Amid the hustle and bustle of Bloor-Yonge Station's southbound platform, TTC chair Karen Stintz and CEO Andy Byford launched the commission's first customer charter Thursday afternoon.
The document lays out 31 customer service commitments that the TTC plans to meet this year. They range from the broad ("We will deliver a reliable and punctual streetcar, bus and subway service") to the very specific (providing wifi and cellular service at St. George and Bloor-Yonge stations by the end of the year).
"Today marks another landmark in our quest to improve customer service," Stintz declared to the reporters (and a few bystanders) who assembled at the station's mezzanine level.
Charters are common at public transit systems around the world, and Byford said it was something he wanted to do for Toronto ever since he took the commission's top job one year ago. On Thursday he promised the document would be a tool that riders could use to hold the commission accountable.
"To me it's a statement of intent. It's saying that we're not going to accept second best, we're going to challenge mediocrity," he said. "We are going to try harder. We recognize that you are the people that pay our wages, that we need to do better and we need to deliver better in terms of our customer service."
The charter's targets are divided into five key areas - cleanliness, information, responding to customers, accessibility and modernity, and renewal- with the overall goal of creating "a transit system that makes Toronto proud." Highlights include:
- Delivering "reliable and punctual" service across the system
- Answering all customer service calls within 90 seconds, and responding to 95 per cent of contacts within five days or less
- Clearly communicating information about service disruptions
- Ensuring customers feel safe at stations and on vehicles
- a maintenance and cleaning blitz at all stations, starting in the spring
- beginning a redesign of TTC uniforms
- designing and implementing a new system map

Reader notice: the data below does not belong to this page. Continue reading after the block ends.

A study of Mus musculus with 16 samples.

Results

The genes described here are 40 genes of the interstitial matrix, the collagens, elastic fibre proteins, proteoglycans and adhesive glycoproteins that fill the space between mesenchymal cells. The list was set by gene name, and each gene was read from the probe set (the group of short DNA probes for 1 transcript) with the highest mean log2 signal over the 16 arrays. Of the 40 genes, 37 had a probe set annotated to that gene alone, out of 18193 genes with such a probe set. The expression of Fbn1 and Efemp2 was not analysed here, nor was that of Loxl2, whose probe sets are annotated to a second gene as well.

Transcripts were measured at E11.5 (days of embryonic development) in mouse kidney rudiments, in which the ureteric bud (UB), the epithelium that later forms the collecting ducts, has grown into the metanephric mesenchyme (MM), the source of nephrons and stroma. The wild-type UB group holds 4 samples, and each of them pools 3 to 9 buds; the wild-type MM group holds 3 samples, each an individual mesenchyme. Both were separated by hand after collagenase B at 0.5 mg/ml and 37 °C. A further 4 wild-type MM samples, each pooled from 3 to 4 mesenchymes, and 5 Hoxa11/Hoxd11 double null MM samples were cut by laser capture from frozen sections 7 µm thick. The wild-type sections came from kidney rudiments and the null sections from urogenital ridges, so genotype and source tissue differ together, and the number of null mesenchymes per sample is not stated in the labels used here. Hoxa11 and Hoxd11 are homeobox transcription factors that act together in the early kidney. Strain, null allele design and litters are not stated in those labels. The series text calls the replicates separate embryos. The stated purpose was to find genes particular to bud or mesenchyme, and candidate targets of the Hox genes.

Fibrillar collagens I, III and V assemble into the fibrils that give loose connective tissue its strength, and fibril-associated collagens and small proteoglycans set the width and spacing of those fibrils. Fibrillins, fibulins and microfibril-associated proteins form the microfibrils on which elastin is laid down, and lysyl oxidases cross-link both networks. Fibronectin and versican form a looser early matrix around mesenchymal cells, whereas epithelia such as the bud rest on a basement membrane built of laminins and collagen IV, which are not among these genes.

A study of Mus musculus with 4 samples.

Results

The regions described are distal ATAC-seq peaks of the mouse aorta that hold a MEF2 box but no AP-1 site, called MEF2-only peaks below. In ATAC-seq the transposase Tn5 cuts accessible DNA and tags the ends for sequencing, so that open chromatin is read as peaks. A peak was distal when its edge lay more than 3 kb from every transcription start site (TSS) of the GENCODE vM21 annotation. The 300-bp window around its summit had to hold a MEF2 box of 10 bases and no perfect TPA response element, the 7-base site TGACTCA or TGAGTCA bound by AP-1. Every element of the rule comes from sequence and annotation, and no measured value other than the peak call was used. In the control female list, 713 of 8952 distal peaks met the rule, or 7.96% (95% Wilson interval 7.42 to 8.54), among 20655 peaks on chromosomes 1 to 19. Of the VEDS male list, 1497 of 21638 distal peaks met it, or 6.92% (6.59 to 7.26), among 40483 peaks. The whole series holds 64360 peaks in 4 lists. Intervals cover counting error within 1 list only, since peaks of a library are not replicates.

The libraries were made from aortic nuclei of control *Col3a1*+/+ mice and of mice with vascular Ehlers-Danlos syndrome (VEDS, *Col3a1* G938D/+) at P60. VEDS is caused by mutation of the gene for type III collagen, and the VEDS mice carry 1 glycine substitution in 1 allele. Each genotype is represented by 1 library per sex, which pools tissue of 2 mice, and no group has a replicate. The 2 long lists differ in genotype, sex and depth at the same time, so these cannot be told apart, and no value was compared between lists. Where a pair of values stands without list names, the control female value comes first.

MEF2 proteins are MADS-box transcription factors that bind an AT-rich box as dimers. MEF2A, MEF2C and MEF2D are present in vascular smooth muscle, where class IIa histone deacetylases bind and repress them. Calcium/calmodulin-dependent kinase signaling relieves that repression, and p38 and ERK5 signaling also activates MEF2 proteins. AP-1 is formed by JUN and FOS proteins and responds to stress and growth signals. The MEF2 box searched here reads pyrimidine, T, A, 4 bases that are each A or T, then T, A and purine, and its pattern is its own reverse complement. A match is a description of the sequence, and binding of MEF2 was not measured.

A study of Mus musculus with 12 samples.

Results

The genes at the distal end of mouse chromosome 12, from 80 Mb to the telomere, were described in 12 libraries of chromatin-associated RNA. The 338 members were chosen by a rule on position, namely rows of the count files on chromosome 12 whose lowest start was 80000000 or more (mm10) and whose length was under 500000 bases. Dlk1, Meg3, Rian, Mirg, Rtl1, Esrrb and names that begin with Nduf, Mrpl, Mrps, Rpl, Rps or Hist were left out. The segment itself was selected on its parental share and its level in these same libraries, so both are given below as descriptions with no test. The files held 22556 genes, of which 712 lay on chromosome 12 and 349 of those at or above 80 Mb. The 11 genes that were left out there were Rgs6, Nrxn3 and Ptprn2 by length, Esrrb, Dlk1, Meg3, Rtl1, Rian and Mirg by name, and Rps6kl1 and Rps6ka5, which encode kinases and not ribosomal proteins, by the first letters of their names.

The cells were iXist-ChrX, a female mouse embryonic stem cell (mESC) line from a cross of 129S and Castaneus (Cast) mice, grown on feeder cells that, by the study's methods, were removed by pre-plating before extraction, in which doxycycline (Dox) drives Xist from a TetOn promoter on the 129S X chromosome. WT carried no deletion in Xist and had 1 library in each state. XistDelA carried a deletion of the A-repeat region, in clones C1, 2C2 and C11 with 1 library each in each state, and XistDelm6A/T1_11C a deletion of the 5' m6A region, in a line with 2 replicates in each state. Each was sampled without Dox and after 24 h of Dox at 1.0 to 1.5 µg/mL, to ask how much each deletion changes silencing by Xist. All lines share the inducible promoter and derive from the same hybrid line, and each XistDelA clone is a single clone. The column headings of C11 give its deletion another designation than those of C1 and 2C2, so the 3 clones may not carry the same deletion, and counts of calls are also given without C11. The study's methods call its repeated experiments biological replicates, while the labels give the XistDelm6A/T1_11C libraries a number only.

- installing 21 next vehicle screens, and 33 station information screens
- testing wifi and cellular access at Bloor-Yonge and St. George stations by the end of the year
The charter is specific to 2013, and new targets will be set each successive year.
While some transportation commissions, including GO Transit, offer refunds for delays as part of their commitment to riders, Byford said doing so wouldn't make sense for the TTC.
"Some charters do involve refunds," he said, "but that's typically on longer distance services - commuter railways - where if you miss a train there might be a half-hour gap til the next one. I would much rather put our money into tangible improvements."
There is no additional funding attached to the service targets, meaning the goals of the charter will have to be met within the commission's existing budget. The TTC didn't print up physical copies of the charter, citing the environmental impact. But it is available on the commission's website.
Transit expert Steve Munro attended the launch event, and said that while the TTC's commitment to improving their customer's experience is laudable, the most important thing is ensuring service becomes more reliable and less crowded. That would require a funding injection from council.
"Two years in a row the TTC's subsidy has been flatlined from the city," Munro said. "They had to cut service just to balance the budget. Well, you cannot keep doing this. The issue then becomes, will there be advocacy at the commission, at the political level, to put more money into TTC operations?"